Congratulations to Fiona Dunn '19 on winning the top award at the Massachusetts State Science & Engineering Fair (MSSEF) held on Friday, May 4 at MIT.
Congratulations to Fiona Dunn '19 on winning the top award at the Massachusetts State Science & Engineering Fair (MSSEF) held on Friday, May 4 at MIT. Fiona was selected from among 400 other students to receive the 19th Annual Sanofi Genzyme Science Award award in recognition of a student's exceptional achievement in science project development, research and presentation.
"I am still processing the fact that I won," says the Winsor junior, who won for her project entitled "pH Effects on Freshwater Snails. "I was definitely nervous. I knew I had to present my project five different times to five individual judges over a five hour period. And there were so many unbelievable projects. I was extremely humbled by the whole experience. But it was also a real affirmation of all the work I put into the project throughout the year."
Fiona first developed her project over the summer, seeing it as an opportunity to explore her duel interests in environmental science and genetics. After consulting with science teacher Gail Lima, who studied snails for her dissertation research, Fiona began her work as part of an Independent Study in Science course led by science teacher Rachel Bricklin.
"I am very interested in the environment, pollution, and climate change, and am concerned about effects of acidification of freshwater bodies on the animals and plants that live in them. The purpose of my project was to study physical changes (antipredator behavior and shell damage) that occur with exposure to more acidic water and to see if these changes would correlate with changes in expression of genes associated with stress."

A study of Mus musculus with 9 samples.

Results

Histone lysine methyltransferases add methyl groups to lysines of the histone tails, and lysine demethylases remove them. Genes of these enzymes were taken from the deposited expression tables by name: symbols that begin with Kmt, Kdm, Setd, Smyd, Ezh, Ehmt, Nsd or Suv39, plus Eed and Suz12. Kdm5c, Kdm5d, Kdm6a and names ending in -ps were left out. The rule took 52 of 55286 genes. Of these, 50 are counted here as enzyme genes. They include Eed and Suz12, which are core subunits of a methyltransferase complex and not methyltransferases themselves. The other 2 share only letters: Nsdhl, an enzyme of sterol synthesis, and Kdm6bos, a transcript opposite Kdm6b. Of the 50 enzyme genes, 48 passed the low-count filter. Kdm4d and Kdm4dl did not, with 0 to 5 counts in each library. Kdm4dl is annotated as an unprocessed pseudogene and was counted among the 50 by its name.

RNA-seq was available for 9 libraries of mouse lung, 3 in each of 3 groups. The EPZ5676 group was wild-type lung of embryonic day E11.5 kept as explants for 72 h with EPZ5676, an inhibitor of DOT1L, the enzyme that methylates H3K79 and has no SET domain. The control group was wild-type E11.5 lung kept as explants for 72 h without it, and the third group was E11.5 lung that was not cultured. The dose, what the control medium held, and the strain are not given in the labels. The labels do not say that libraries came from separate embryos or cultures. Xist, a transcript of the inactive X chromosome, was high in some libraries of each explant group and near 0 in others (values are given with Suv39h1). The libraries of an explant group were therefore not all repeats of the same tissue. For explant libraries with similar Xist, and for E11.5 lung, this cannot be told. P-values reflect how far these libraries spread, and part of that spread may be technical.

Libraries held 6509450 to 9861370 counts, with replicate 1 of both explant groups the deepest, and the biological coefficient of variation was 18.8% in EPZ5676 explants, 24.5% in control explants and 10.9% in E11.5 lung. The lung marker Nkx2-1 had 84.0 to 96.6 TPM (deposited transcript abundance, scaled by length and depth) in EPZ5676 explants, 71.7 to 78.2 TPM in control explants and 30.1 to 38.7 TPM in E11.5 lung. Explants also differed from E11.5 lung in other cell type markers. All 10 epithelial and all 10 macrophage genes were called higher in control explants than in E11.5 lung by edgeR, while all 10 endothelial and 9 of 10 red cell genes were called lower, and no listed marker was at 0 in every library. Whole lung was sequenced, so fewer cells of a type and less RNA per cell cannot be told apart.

After completing the course, Fiona continued working on the project and developing subsequent aspects. "Any extra time I had – free periods, long weekend Mondays, vacations, lunch periods - I spent working on this project. I checked in with Ms. Bricklin frequently to make sure I was on track," says Fiona.
Extremely resourceful and persistent, "Fiona did a great job networking to find contacts in her area of interest who were willing to open their labs to her," notes science teacher Kim Ramos. "Through the connections she made, she was able to begin using Scanning Electron Microscopy as well as genetic testing in several different labs in the Boston area."
When asked about her biggest take away from the project, Fiona points to her findings. "The snails exhibit clear physical and genetic alterations with lower pH. What that indicates is that it is imperative that we do everything we can to protect our freshwater environments from sources such as acid rain, agricultural runoff, and absorption of carbon dioxide from the atmosphere."
She also shared her gratitude for the teachers who supported her throughout the year. "There's a saying, 'Behind every great woman is another, and another, and another.' Ms. Bricklin, Ms. Lima and Ms. Ramos were truly behind me through this whole process. I also knew that Ms. Martin, my AP French teacher, was with me in spirit the day of the science fair, and I'm thankful to her class for helping me build confidence in my presentation skills."
"I'm excited to see what she does next!" adds Ms. Bricklin.
Sponsored by the Sanofi Genzyme Corporation of Cambridge, the Annual SG Science Award, valued at $27,500, is multi-tiered to acknowledge the many factors contributing to the success of a student. The Award includes a $10,000 cash award recognition of a student's exceptional achievement in science project development, research and presentation. The winner will also be offered a paid summer internship, valued at $2,500+, at a Sanofi Genzyme facility in Massachusetts. The Student's high school science department will receive $10,000 to be used for a special project or program and a $5,000 externship is awarded for the student's teacher.